Psychosocial interventions as part of breast cancer rehabilitation programs? Results from a systematic review
Article first published online: 6 SEP 2010
Copyright © 2010 John Wiley & Sons, Ltd.
Volume 20, Issue 9, pages 909–918, September 2011
How to Cite
Fors, E. A., Bertheussen, G. F., Thune, I., Juvet, L. K., Elvsaas, I.-K. Ø., Oldervoll, L., Anker, G., Falkmer, U., Lundgren, S. and Leivseth, G. (2011), Psychosocial interventions as part of breast cancer rehabilitation programs? Results from a systematic review. Psycho-Oncology, 20: 909–918. doi: 10.1002/pon.1844
- Issue published online: 23 AUG 2011
- Article first published online: 6 SEP 2010
- Manuscript Accepted: 26 JUL 2010
- Manuscript Revised: 27 JUN 2010
- Manuscript Received: 27 FEB 2010
- breast cancer;
- systematic review
Objective: This systematic review aimed to determine the effectiveness of psychoeducation, cognitive behavioural therapy (CBT) and social support interventions used in the rehabilitation of breast cancer (BC) patients.
Methods: We conducted a systematic literature search to identify randomised controlled trials of female BC patients who underwent different psychosocial interventions during or after primary cancer treatment. The methodological quality of all studies was independently assessed by two reviewers. Studies with low quality, less than 20 participants in each group, patients with metastatic cancer, data not presented separately for BC and studies that included other cancer types were excluded.
Results: Among 9617 identified studies, only 18 RCTs published between 1999 and 2008, including 3272 patients were finally included in this systematic evaluation. Outcome measures were categorised into quality of life (QoL), fatigue, mood, health behaviour and social function. Six trials examined psychoeducation had inconsistent results, both during and after the primary treatment. Seven trials examined the effect of CBT, four of which given after primary treatment (range 6–12 weeks) demonstrated improvements in QoL; the other three CBT studies given during primary treatment (range 9–20 weeks) had inconsistencies. Five studies addressed social support and showed no conclusive impacts of this intervention.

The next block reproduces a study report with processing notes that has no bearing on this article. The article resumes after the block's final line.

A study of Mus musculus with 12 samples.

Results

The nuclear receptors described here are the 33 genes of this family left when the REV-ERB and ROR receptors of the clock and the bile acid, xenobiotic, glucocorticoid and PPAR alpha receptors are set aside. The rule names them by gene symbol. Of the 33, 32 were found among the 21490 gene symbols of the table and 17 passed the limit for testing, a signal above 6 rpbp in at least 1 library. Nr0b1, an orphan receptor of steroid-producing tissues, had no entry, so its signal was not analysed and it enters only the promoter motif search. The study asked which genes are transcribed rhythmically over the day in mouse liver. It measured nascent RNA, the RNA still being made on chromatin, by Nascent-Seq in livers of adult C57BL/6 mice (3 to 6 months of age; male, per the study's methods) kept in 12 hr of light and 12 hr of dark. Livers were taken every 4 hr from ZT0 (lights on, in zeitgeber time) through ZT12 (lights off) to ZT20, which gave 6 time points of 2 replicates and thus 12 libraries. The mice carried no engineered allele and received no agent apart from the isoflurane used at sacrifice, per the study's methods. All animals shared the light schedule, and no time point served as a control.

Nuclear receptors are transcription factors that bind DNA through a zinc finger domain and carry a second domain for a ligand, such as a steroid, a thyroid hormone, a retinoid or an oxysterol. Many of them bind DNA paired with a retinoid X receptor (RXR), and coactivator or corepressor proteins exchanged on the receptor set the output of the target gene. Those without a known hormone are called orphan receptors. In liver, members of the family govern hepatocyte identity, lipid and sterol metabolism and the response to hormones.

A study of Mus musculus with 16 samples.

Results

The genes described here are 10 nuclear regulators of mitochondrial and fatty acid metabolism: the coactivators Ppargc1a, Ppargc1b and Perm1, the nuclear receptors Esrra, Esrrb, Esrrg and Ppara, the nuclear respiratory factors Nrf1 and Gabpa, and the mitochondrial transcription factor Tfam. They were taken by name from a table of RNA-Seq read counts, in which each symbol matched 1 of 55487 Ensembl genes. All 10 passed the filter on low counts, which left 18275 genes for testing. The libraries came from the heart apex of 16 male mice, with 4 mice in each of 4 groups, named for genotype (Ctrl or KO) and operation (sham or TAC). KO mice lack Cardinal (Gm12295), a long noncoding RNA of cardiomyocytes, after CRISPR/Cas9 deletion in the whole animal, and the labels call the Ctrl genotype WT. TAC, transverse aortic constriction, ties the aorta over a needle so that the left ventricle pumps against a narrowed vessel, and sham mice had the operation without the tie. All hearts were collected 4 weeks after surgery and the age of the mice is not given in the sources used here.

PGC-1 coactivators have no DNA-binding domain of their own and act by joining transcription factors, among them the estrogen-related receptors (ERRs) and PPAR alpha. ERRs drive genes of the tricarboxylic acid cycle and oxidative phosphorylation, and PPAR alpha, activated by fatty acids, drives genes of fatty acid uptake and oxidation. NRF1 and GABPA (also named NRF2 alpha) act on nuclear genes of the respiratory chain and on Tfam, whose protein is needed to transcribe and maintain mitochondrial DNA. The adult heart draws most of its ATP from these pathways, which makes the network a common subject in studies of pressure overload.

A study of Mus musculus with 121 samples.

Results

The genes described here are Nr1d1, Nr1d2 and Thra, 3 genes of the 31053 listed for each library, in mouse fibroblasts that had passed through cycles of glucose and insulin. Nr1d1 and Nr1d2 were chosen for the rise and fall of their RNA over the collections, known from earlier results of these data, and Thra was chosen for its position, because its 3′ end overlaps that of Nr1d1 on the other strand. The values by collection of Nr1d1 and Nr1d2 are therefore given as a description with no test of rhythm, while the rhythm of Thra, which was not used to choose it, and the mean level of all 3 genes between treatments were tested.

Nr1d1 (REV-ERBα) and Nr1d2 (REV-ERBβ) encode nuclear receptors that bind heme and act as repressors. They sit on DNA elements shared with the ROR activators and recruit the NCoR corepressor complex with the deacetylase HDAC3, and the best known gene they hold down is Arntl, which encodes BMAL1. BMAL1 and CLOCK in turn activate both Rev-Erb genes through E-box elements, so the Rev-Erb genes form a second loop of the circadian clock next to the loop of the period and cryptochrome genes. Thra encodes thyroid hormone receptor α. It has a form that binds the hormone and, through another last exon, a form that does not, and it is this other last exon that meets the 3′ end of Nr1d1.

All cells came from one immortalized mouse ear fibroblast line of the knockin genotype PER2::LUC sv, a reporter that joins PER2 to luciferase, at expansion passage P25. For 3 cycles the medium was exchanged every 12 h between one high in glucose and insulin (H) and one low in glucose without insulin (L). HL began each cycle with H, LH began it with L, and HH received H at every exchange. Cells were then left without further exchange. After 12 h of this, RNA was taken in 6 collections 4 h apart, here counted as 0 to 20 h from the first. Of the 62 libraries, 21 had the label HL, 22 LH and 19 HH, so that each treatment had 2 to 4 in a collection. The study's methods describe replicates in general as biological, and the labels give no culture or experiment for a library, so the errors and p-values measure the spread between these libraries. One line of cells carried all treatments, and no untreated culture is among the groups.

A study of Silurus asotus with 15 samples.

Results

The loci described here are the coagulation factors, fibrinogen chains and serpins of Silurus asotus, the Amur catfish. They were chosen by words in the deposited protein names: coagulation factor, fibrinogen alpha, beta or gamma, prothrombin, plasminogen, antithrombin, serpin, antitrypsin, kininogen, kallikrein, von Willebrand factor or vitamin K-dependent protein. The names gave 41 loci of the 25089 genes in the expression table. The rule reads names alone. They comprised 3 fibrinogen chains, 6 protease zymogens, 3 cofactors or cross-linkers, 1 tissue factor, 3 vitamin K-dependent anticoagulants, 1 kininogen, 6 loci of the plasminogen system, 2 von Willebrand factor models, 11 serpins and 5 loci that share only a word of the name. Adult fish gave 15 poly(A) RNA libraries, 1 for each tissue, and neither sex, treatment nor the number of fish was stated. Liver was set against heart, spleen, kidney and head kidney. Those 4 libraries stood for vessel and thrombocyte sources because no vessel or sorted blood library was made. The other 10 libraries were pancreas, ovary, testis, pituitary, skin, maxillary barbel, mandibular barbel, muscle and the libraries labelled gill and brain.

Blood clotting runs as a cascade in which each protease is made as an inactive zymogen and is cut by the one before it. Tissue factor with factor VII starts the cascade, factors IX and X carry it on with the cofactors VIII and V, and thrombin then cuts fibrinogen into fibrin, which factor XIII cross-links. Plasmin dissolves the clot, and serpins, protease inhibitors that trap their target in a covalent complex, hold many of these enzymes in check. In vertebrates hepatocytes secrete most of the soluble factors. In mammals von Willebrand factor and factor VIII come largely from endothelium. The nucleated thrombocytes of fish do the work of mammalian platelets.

Conclusions: Limited documentation exists on the efficacy of psychosocial rehabilitation interventions among BC patients. However, we found that patients might have QoL benefits from CBT given after primary BC treatment. More documentation is needed regarding the effects of CBT during primary treatment and the effects of psychoeducation and social support. Copyright © 2010 John Wiley & Sons, Ltd.